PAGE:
Judge suspends jury service in Bexar County due to coronavirus surge

Trials that have already begun can continue, according to order

Judge Ron Rangel is presiding over the murder trial of Otis McKane, who is charged with killing San Antonio Police Detective Benjamin Marconi in November 2016. The trial is expected to last about two weeks. (KSAT)

SAN ANTONIO – As COVID-19 infections surge in Bexar County, the judge who oversees how the courthouse runs has suspended jury service, according to an order signed on Wednesday.

The order was signed by 379th District Court Judge Ron Rangel, the Local Administrative Judge for Bexar County courts. Jury trials that have already started, like the trial of Otis McKane, may continue until a verdict is reached.


Bexar County officials reported a seven-day average of 1,146 new COVID-19 cases a day, a 58% increase from the number reported last week which was 724. Hospitalizations rose 32%, from 695 reported on Thursday to 920 reported on Tuesday.

“This measure is taken in an effort to reduce the spread of the COVID-19 and to ensure the health and safety of all courtroom participants and visitors entering Bexar County Courts,” Rangel wrote.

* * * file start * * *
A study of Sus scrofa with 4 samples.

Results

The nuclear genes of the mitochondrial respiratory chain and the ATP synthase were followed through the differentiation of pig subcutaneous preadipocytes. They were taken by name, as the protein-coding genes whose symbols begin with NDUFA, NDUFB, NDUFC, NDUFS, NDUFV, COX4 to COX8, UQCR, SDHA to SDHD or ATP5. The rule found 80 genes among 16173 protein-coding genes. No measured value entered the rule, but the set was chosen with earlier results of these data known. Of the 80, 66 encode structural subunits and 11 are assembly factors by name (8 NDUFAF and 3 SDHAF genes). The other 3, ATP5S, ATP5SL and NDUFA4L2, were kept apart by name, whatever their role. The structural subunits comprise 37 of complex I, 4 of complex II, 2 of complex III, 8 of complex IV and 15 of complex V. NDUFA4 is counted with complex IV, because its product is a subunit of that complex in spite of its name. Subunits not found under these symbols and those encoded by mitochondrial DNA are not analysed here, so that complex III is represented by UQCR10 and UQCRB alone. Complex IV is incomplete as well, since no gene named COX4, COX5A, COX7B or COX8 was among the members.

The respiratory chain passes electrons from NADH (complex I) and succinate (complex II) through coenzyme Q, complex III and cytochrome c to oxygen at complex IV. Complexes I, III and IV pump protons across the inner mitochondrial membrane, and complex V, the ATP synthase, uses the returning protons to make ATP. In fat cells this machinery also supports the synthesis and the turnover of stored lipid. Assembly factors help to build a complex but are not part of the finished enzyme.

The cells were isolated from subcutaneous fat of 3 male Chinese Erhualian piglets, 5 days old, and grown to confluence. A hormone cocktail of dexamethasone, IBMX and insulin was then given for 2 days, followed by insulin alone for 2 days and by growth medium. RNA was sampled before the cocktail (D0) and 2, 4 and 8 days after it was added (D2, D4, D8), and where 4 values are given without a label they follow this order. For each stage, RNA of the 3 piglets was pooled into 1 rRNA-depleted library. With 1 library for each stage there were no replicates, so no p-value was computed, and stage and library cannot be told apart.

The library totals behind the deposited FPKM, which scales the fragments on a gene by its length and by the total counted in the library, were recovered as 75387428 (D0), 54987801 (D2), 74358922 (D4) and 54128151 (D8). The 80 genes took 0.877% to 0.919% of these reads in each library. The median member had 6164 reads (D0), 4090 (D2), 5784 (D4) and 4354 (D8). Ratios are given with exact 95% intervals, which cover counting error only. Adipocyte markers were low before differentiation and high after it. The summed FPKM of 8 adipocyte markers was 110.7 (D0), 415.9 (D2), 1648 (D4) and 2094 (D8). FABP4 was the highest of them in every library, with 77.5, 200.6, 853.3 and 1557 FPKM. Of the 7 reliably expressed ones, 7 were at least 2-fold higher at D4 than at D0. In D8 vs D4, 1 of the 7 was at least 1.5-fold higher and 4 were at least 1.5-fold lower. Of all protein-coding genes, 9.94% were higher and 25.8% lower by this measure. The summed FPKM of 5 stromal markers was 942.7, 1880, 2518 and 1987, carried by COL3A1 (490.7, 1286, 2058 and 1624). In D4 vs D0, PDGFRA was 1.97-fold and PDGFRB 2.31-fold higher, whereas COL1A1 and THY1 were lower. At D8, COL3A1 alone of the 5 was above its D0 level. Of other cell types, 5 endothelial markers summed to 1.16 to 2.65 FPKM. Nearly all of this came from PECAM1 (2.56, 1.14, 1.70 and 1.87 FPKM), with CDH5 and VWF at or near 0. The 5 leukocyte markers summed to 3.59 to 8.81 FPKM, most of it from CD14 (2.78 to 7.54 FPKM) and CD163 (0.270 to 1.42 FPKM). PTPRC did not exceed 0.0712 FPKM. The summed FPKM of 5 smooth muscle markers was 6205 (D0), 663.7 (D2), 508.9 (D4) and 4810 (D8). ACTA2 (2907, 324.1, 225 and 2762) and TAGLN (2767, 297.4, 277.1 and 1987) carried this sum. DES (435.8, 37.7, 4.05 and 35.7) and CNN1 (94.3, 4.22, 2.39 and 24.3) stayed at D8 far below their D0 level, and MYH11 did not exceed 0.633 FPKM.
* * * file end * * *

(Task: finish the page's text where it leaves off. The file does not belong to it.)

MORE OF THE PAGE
The court’s mask mandate also remains in effect, Rangel wrote. The mandate does not violate Texas Gov. Greg Abbott’s executive order due to a ruling from the Texas Supreme Court.

Bexar County District Attorney Joe Gonzales issued the following statement:

“While we had hoped the return of jurors on June 1, 2021, would be a beginning of more normal court operations, we understand Judge Ron Rangel’s order to suspend jury service. We do not want a simple act of public service to put anyone’s health in jeopardy. Now is the time for all of us to do our part to prevent the spread of COVID-19. Until this potentially deadly virus is behind us, restrictions like this will lead to a further delay of justice for both victims and those accused of crimes. The backlog of pending cases will grow, but as we did beginning in March 2020, our staff will continue to review and work on cases as best we can either in-person or through virtual hearings. As I’ve said before, while most of our cases are resolved by plea agreement, a jury panel waiting outside the court is sometimes what it takes to make that happen. We will do all within our power to continue to bring justice to victims of crime as quickly as circumstances allow.”


Erica Hernandez is an Emmy award-winning journalist with 15 years of experience in the broadcast news business. Erica has covered a wide array of stories all over Central and South Texas. She's currently the court reporter and cohost of the podcast Texas Crime Stories.